Thursday, May 29, 2008


Meatloaf gest a bad rap sometimes. It can be horribly dry and/or horribly bland. You can imagine the challenge of trying to make a tasty low sodium meatloaf. Impossible? Not quite. But it takes some work.

I actually find meatloaf is a great thing to make. I can get dinners and sandwiches from it for several days. Usually I freeze half of it for future quick meals. One of the Cooking Forum members cooks her meatloaf in a square baking pan. Ever since I saw her pictures, I've been doing the same. The addition of lots of chopped vegetables helps the meatloaf stay moist and makes it pretty tasty.

Here's the recipe I use:

Low Sodium Meatloaf
(Printable Recipe)

1-1/2 to 2 lbs. ground meat (I usually use part beef and part ground pork)
1 8-oz. can NSA tomato sauce (Sometimes I use Trader Joe's no-salt-added marinara sauce or salsa)
1 c. oatmeal
1 egg, beaten
2 tbsp. olive oil
1 small onion, finely chopped
1 carrot, finely grated
1 stalk celery, finely chopped
1/2 bell pepper, finely chopped
2 cloves garlic, finely minced
2 tbsp. Low Sodium Worcestershire Sauce
2 tsp. thyme
1/4 tsp. ground pepper

1/2 c. no-salt-added ketchup
1 tbsp. brown sugar
1 tbsp. horseradish
1 tbsp. prepared mustard

Preheat oven to 350 degrees. Saute vegetables in olive oil. In large bowl, combine meat, tomato sauce, oatmeal, egg, vegetable mixture, Worcestershire Sauce, thyme, and pepper. Mix thoroughly and press into square casserole. Combine glaze ingredients and pour on meatloaf. Bake for about 1 hour. Let stand 10 minutes before serving.

Notes: If I use Trader Joe's no-salt-added marinara sauce as the liquid, I'll also use it as the glaze. And I'll use 2 tsp. of Italian herbs instead of just thyme. If I use Trader Joe's no-salt-added salsa, I'll also use it as the glaze. And I'll add some chopped fresh cilantro to the meatloaf mix and substitute 1/2 tsp. cumin and 1 tsp. chili powder for the thyme.


OhioMom said...

I love "cold" meatloaf sandwiches :) One thing I think is important for cooks to learn is no/low salt doesn't necessarily mean "no taste".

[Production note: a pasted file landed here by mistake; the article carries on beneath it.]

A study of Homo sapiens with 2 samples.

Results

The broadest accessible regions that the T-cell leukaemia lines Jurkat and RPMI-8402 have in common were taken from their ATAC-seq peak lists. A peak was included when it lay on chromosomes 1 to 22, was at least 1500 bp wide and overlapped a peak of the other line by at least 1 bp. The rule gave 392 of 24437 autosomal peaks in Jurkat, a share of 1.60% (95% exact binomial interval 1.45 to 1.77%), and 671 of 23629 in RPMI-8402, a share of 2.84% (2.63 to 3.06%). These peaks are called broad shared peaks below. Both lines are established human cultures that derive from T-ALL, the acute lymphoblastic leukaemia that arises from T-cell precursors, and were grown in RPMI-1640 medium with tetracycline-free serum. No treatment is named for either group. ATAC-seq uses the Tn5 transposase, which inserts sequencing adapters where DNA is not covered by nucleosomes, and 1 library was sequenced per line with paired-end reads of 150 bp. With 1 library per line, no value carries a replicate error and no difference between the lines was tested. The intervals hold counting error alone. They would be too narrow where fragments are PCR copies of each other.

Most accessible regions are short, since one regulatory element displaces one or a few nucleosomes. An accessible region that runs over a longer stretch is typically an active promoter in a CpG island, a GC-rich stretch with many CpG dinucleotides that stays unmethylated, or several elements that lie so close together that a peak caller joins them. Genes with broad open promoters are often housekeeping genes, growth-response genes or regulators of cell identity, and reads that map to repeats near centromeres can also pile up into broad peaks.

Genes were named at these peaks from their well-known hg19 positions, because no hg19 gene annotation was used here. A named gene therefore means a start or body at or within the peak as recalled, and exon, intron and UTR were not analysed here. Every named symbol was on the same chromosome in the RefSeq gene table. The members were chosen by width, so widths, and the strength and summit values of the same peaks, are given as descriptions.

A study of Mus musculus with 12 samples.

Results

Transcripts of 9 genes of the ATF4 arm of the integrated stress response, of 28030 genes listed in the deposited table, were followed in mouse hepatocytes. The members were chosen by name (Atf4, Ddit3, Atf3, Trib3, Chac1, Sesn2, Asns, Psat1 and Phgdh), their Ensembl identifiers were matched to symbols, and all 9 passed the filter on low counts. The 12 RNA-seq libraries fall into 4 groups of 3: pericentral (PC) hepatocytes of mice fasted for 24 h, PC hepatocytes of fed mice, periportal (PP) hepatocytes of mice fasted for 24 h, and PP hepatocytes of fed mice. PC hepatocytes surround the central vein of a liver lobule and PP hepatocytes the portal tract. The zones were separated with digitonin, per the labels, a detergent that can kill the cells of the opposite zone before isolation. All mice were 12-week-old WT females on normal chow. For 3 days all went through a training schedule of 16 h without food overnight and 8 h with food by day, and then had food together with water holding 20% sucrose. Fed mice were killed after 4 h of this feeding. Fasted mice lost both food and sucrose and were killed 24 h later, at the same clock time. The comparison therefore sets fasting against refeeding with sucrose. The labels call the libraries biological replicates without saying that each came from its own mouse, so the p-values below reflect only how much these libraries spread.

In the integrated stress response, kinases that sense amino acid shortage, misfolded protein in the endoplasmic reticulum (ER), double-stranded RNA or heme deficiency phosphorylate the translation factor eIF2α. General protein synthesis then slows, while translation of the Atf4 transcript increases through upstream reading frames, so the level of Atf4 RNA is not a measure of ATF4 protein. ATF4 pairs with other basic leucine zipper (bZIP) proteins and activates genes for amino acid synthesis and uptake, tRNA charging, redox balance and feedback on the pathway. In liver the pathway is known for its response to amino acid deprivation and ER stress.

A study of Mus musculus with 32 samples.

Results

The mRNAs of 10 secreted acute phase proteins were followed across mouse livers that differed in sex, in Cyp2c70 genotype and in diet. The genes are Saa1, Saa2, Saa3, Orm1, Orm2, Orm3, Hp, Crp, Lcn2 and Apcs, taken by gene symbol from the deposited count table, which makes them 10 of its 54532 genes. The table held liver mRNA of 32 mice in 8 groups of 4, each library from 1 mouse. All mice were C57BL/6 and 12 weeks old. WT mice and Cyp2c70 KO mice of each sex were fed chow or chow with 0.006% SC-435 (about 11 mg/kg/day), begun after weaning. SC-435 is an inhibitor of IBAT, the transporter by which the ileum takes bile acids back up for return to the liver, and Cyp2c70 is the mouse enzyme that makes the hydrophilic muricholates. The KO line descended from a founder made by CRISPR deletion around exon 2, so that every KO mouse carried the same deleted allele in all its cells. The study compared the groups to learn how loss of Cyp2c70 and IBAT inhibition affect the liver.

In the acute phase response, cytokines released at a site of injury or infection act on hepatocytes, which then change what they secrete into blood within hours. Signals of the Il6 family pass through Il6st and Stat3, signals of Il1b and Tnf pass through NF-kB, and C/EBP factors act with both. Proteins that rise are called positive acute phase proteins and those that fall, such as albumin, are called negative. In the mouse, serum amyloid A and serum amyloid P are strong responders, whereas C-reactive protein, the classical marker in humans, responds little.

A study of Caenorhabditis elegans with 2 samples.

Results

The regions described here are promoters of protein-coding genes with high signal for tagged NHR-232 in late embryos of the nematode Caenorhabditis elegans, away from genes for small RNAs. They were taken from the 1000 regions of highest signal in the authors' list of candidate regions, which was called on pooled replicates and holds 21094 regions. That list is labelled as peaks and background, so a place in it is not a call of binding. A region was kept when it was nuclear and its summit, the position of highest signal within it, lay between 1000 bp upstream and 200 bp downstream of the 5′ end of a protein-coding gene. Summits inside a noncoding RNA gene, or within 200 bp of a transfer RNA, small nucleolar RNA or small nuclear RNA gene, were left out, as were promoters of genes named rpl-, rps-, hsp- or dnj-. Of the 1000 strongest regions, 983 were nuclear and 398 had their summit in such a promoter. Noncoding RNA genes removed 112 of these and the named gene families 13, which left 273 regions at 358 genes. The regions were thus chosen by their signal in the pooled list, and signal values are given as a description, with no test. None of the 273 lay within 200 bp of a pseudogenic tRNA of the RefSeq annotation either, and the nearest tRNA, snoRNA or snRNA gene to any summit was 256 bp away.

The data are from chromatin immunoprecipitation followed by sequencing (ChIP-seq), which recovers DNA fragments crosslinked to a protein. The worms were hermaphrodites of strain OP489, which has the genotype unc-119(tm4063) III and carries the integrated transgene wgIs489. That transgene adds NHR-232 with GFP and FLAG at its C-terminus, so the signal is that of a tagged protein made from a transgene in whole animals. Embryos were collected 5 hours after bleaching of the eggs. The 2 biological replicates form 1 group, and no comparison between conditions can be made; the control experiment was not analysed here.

Dan said...

when making a low sodium dietj for a heat patient, remember to keep the potassium low as well.

Making meatloaf, put in passover matzah, (the one that is unsalted) like Yahuda which is only 1.7 mg of sodium.

shambo said...

Dan, you're so right. Matzo -- either whole or in crumb form -- are a perfect solution. Most of them are either no sodium or very, very low sodium. So they are a good substitute for bread crumbs in meatloaf, meatballs, breading for crispy chicken or fish, etc.

Mary Burchett said...

I like the idea of leaving the ketchup out of the meatloaf. Not only is ketchup high in salt, but very high in potassium. My husband is a dialysis patient and needs lots of protein, but very little salt or potassium. I'm going to try this today.

shambo said...

Mary, you've hit upon a true conundrum when it comes to ketchup. The regular stuff is salty, as you mentioned. But the no salt Heinz (which is usually available at most grocery stores) is seasoned with a potassium chloride salt substitute. So it's not acceptable for those with kidney problems. And often, those suffering with kidney difficulties are also on salt restricted diets.

Hunt's no salt ketchup does not have any potassium chloride in it, so it would work. But it's difficult to find in my area. It can be ordered, however, from Healthy Heart Market. They're a good source for low sodium products, but the shipping costs can be a problem for some.